Lester Ward is generally thought of as the founder of American sociological study. He served as the first president of the American Sociological Society, which was founded in 1905 (and which later changed its name to its current form, the American Sociological Association), and was appointed Chair of Sociology at Brown University in 1906.
Works and ideas
Like Comte and the positivist founders of sociology, Ward embraced the scientific ethos. In 1883, Ward published his two-volume,1,200 page Dynamic Sociology, Or Applied Social Science as Based Upon Statistical Sociology and the Less Complex Sciences, with which he hoped to establish the central importance of experimentation and the scientific method to the field of sociology.
But for Ward, science was not objective and removed, but human-centered and results-oriented. As he put it in the preface to Dynamic Sociology:
"The real object of science is to benefit man. A science which fails to do this, however agreeable its study, is lifeless. Sociology, which of all sciences should benefit man most, is in danger of falling into the class of polite amusements, or dead sciences. It is the object of this work to point out a method by which the breath of life may be breathed into its nostrils. "
Thus, Ward embodied what would become a distinctive characteristic of American sociology. Though devoted to developing sociology as a rigorous science, he also believed sociology had unique potential as a tool to better society. He believed that the scientific methodology of sociology should be deployed in the interest of resolving practical, real-world problems, such as poverty, which he theorized could be minimized or eliminated by systematic intervention in society.
Criticism of laissez-faire
Ward is most often remembered for his criticism of the laissez-faire theories advanced by Herbert Spencer and popular among his contemporaries. Spencer had argued that society would naturally evolve and progress while allowing the survival of the fittest and weeding out the socially unfit. Thus, social ills such as poverty would be naturally alleviated as the unfit poor were selected against; no intervention was necessary. Though originated by Spencer, these ideas were advanced in the United States by William Graham Sumner, an economist and sociologist at Yale. Ward disagreed with Spencer and Sumner and, in contrast to their laissez-faire approach, promoted active intervention.
As a political approach, Ward's system became known as "social liberalism," as distinguished from the classical liberalism of the 18th and 19th centuries. While classical liberalism (featuring such thinkers as Adam Smith and John Stuart Mill) had sought prosperity and progress through laissez-faire policies, Ward's "American social liberalism" sought to enhance social progress through direct government intervention. Ward believed that in large, complex, and rapidly growing societies, human freedom could only be achieved with the assistance of a strong democratic government acting in the interest of the individual. The characteristic element of Ward's thinking was his faith that government, acting on the empirical and scientifically based findings of the science of sociology, could be harnessed to create a near Utopian social order.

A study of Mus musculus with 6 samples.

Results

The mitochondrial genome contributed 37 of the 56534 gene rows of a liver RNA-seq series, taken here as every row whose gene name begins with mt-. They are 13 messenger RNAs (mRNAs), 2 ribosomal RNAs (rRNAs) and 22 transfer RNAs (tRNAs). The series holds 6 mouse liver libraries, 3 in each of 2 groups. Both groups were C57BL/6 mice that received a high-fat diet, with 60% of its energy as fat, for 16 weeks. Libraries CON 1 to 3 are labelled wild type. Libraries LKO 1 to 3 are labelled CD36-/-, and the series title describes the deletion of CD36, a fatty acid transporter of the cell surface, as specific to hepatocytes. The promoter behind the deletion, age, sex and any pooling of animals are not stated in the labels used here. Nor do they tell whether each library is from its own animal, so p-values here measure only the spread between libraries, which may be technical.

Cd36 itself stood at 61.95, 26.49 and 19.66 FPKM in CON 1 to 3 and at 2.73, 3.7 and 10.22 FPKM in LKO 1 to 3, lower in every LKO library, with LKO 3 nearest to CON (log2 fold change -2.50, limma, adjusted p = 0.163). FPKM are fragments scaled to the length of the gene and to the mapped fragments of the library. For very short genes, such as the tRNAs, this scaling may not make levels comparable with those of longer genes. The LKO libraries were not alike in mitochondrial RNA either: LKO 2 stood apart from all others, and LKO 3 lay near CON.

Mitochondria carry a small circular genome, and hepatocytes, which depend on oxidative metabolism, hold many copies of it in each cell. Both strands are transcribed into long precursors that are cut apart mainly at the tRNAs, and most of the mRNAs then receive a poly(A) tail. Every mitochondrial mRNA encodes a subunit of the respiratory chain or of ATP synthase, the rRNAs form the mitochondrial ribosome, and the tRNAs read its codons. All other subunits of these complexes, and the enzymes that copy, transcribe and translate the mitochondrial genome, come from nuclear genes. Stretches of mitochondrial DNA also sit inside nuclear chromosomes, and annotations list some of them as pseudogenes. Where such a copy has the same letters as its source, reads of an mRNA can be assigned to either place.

Ward had a strong influence on a rising generation of progressive political leaders, including on the administrations of Presidents Theodore Roosevelt, Woodrow Wilson, and Franklin D. Roosevelt and on the modern Democratic Party. He has, in fact, been called "the father of the modern welfare state. " The liberalism of the Democrats today is not that of Smith and Mill, which stressed non-interference from the government in economic issues, but of Ward, which stressed the unique position of government to effect positive change. While Roosevelt's experiments in social engineering were popular and effective, the full effect of the forces Ward set in motion came to bear half a century after his death, in the Great Society programs of President Lyndon B. Johnson and the Vietnam war.
Influence on academic sociology
Despite Ward's impressive political legacy, he has been largely written out of the history of sociology. The thing that made Ward most attractive in the 19th century, his criticism of laissez faire, made him seem dangerously radical to the ever-cautious academic community in early 20th century America. This perception was strengthened by the growing socialist movement in the United States, led by the Marxist Russian Revolution and the rise of Nazism in Europe. Ward was basically replaced by Durkheim in the history books, which was easily accomplished because Durkheim's views were similar to Ward's but without the relentless criticism of lassiez faire and without Ward's calls for a strong, central government and "social engineering". In 1937, Talcott Parsons, the Harvard sociologist and functionalist who almost single-handedly set American sociology's academic curriculum in the mid-20th century, wrote that "Spencer is dead," thereby dismissing not only Spencer but also Spencer's most powerful critic.
Lester Ward, the first president of the American Sociological Association, is generally thought of as the founder of American sociological study.